Who: Best known for the emotive, hypnotic, hard-hitting beats he’s whipped up for Soulja Boy (“All I Need”) and Berkeley oddball Lil B (“Motivation”), 24-year-old Clams Casino got his break when he contacted B on MySpace and sent him some instrumentals. In March, in the face of mounting requests for MC-free versions of his tracks, he released Instrumental Mixtape, where the richly textured, poignant sound stood entirely on its own. This summer, Clams – whose real name is Mike Volpe – will release the lovely Rainforest EP and play his first-ever live show, opening for the anarchic noise act Black Dice at New York’s P.S. 1 Museum.
Drummer Boy: Clams began playing drums in his native New Jersey when he was six years old, eventually “messing around with friends’ bands and stuff” before trying his hand at hip-hop production in high school. A fan of Jay-Z, Busta Rhymes, Mobb Deep and the Diplomats-affiliated Heatmakerz production crew, he used a “cheap little Yamaha sampler” to teach himself how to make beats. Today he uses the computer program Acid Pro, often chopping up and tweaking a single sample for use in several different songs.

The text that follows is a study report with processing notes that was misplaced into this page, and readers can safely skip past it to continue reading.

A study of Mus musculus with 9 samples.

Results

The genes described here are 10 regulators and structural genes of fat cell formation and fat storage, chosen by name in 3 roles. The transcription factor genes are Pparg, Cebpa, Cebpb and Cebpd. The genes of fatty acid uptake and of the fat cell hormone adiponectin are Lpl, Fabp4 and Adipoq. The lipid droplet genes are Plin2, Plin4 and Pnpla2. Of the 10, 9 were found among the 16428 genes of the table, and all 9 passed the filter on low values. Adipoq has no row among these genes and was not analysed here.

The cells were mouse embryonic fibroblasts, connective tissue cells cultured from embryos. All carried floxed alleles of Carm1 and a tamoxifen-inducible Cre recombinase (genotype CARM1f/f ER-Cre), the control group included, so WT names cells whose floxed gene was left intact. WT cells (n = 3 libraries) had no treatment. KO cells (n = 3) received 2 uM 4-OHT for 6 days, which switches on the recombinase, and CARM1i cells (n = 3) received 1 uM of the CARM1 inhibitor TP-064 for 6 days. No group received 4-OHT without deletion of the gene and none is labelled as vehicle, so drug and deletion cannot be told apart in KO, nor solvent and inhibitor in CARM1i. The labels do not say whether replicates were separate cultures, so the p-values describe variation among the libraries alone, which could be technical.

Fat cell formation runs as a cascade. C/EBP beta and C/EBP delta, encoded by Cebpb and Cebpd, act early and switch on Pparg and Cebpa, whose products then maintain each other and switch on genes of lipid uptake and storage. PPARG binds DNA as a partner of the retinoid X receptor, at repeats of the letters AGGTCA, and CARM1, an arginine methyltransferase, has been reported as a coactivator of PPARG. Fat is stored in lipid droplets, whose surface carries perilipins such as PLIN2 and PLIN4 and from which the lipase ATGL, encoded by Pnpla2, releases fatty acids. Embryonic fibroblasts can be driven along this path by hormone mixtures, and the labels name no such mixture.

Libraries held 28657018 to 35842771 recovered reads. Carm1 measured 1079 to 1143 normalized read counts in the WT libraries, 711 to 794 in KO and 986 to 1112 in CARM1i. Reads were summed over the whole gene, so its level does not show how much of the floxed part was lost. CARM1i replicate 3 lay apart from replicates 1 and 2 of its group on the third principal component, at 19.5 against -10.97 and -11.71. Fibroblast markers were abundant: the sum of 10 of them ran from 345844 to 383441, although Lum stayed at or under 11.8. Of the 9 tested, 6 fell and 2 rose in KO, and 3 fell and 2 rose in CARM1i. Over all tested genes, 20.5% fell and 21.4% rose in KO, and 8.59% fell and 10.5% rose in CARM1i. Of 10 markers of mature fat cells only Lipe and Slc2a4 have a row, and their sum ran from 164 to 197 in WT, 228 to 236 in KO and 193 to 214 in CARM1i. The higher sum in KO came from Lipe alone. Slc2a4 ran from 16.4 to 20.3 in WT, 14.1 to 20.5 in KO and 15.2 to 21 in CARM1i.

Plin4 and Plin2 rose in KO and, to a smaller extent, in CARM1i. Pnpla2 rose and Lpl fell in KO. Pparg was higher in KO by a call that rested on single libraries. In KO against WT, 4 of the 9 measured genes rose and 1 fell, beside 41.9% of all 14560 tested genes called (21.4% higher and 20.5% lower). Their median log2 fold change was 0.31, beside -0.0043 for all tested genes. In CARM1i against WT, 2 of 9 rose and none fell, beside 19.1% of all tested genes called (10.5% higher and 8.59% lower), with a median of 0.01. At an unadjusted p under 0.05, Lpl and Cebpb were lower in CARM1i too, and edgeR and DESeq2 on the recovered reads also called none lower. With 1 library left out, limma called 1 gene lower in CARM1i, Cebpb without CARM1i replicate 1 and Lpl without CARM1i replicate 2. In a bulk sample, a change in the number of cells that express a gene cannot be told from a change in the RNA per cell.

Emotional Investment: Many of Clams’ beats feature melancholy, gorgeously distorted vocal samples from singular chanteuses like Adele, Bjork and Imogen Heap. “I don’t know why I’m attracted to female voices – I never really thought of it,” he says. His best beats, meanwhile, offset moody melodies with cathartic crescendos. “It’s not my feelings coming across. If I’m feeling bad or something, it’s not like I’ll go make a sad beat,” he says. “I just want people to remember my songs. I think making them really emotional is the best way to do that.”
Reluctantly Avant-Garde: “People say your music sounds like this and this, and I’m like, ‘I don’t know who you’re talking about,'” Clams, an avowed hip-hop fan, says of the fact that his music has been lumped in with the outré experimentalism of the bands like Washed Out or Ariel Pink. “It caught me off guard at first. But I’m glad I’m getting to reach a whole different crowd.”
Body Work: Clams, who lives with his mother, a first-grade teacher, is studying physical therapy. “I got a long way to go. I just finished a shorter program and I’ve got a few more years if I want to finish the whole thing,” he says. “I love doing music but I never saw myself doing it full time. Maybe that will change.”